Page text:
ST. PETERSBURG, Russia (AP) — Looking fit and joking about all the fuss over his unexplained 10-day absence from public view, President Vladimir Putin reappeared on Monday to quell the swirling speculation about the state of his health and his hold on power.

"It would be dull without gossip," Putin said with a smile during a meeting with Kyrgyzstan's president, Almazbek Atambayev, at St. Petersburg's ornate Konstantin Palace.

Atambayev had just said that he wanted to put an end to the unpleasant gossip, describing how Putin had driven him around the palace's park and thus "not only walks, but speeds around."

Before Monday's appearance, Putin was last seen in public on March 5, when he hosted Italian Prime Minister Matteo Renzi. The Kremlin insisted that he continued to hold official meetings and released photos and video of the meetings that were shown on national television, but Russian media suggested the images had actually been shot much earlier.

Putin's decision to abruptly postpone a trip to Kazakhstan planned for last week fueled speculation that he was unwell or isolated by a palace coup. A Swiss newspaper claimed that Putin had traveled to Switzerland, where it said his supposed girlfriend — former Olympic gold-winning rhythmic gymnast Alina Kabayeva — had given birth to their baby. The Kremlin has denied all of these claims.

Putin's spokesman, Dmitry Peskov, acerbically mocked the speculation when speaking to reporters: "So, have you seen the president paralyzed and seized by the generals? He has just come back from Switzerland, where he attended the delivery."

Asked if Putin's condition required treatment by an osteopath, the spokesman retorted: "Yes, the osteopath was with the generals."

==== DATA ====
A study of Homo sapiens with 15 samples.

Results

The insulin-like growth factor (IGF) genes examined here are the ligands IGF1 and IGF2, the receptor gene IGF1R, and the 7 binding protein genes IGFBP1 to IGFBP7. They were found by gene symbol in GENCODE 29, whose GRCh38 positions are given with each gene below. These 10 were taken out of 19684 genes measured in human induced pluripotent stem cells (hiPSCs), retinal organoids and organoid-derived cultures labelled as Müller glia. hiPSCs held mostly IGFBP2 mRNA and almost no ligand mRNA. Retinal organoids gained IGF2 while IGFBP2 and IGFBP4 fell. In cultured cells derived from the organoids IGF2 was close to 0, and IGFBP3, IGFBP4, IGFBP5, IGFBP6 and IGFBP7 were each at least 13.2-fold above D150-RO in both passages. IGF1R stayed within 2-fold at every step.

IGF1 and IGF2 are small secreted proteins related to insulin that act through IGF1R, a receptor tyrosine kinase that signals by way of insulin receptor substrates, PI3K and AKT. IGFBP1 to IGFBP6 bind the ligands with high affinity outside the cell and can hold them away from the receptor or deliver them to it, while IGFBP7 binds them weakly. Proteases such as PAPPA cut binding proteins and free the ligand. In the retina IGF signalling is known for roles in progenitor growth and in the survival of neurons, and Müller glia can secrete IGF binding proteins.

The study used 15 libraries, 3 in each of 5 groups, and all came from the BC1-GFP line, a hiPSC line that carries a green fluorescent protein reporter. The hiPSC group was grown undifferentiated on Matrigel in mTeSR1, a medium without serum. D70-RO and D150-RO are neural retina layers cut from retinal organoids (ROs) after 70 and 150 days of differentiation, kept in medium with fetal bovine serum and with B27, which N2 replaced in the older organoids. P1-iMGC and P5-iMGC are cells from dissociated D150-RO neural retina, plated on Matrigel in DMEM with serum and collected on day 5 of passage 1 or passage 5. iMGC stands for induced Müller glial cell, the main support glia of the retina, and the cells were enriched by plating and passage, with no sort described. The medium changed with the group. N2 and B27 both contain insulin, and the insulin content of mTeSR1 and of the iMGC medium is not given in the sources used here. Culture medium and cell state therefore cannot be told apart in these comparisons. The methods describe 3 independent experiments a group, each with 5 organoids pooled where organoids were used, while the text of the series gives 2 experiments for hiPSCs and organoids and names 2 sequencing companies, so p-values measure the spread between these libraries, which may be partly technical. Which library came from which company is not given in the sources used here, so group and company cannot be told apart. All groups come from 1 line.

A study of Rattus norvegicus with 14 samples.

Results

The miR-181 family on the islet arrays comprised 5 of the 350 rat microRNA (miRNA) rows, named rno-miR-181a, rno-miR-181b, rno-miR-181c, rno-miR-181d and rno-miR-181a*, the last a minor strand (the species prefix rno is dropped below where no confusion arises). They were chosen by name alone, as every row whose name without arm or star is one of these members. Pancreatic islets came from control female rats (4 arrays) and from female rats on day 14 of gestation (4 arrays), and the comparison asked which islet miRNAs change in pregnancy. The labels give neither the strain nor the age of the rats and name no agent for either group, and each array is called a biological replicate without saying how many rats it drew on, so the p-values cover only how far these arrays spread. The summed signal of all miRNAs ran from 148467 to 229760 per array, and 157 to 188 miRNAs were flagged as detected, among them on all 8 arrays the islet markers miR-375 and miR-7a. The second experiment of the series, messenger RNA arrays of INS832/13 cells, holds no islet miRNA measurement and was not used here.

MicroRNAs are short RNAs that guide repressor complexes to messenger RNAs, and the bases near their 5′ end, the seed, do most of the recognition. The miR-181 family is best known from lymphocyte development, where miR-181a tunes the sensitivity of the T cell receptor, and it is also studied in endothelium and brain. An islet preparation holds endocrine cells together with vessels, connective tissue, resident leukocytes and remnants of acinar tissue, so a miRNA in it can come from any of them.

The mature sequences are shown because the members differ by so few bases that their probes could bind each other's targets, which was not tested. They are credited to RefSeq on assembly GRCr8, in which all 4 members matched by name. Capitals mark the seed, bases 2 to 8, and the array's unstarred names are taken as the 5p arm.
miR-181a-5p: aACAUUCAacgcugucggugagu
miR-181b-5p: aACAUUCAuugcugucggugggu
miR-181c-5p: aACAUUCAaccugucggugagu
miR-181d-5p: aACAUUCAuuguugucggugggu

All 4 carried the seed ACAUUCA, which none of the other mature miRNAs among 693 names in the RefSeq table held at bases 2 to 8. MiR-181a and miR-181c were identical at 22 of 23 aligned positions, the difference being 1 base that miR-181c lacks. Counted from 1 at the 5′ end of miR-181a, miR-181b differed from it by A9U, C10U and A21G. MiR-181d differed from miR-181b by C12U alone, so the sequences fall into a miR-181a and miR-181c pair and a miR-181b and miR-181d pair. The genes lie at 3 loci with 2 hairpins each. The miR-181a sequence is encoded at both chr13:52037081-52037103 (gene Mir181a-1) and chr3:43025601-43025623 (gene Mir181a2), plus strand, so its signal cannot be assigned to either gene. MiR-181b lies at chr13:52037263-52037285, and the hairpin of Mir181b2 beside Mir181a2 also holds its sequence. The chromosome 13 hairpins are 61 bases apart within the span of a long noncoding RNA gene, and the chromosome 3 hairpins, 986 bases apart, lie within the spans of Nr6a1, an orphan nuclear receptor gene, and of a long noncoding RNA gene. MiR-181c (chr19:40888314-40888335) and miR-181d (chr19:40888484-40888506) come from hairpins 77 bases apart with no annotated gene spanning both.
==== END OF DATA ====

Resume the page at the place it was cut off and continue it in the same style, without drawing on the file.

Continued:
In September 2012, Putin was in visible discomfort during an international summit in Vladivostok and spent little time on his feet. It was only weeks later — after he had spent more time than usual at his country residence and postponed a number of foreign trips — that Peskov explained that the president had pulled a muscle in his back.

The 62-year-old Russian leader has cultivated an image of vigor and athletic strength, frequently demonstrating his skills in judo, hockey, swimming and skiing. He is loath to be seen as weak, and this may be especially true at a time of such unease in Russia.

Some observers have speculated that the Feb. 27 killing of opposition leader Boris Nemtsov and the arrest of five ethnic Chechen suspects, including a senior police officer, signaled a fierce power struggle between Chechnya's Kremlin-backed leader, Ramzan Kadyrov, and top Russian officials from federal law enforcement agencies who resent the feisty strongman.

Putin has described the shooting of Nemtsov on a bridge near the Kremlin as a "disgrace" and a "provocation." But some in Russia hold the president responsible for the killing, pointing to the portrayal of opposition figures, including Nemtsov, as national traitors and the atmosphere of hatred this has created.

Peskov's sarcastic comments on Monday appeared to reflect the Kremlin's dismay with the rumors and its inability to stop them. On a more serious note, Peskov said that the Kremlin has grown tired of refuting speculation about Putin's condition.

"The more we talk about it, the more intense it (the speculation) becomes," he said.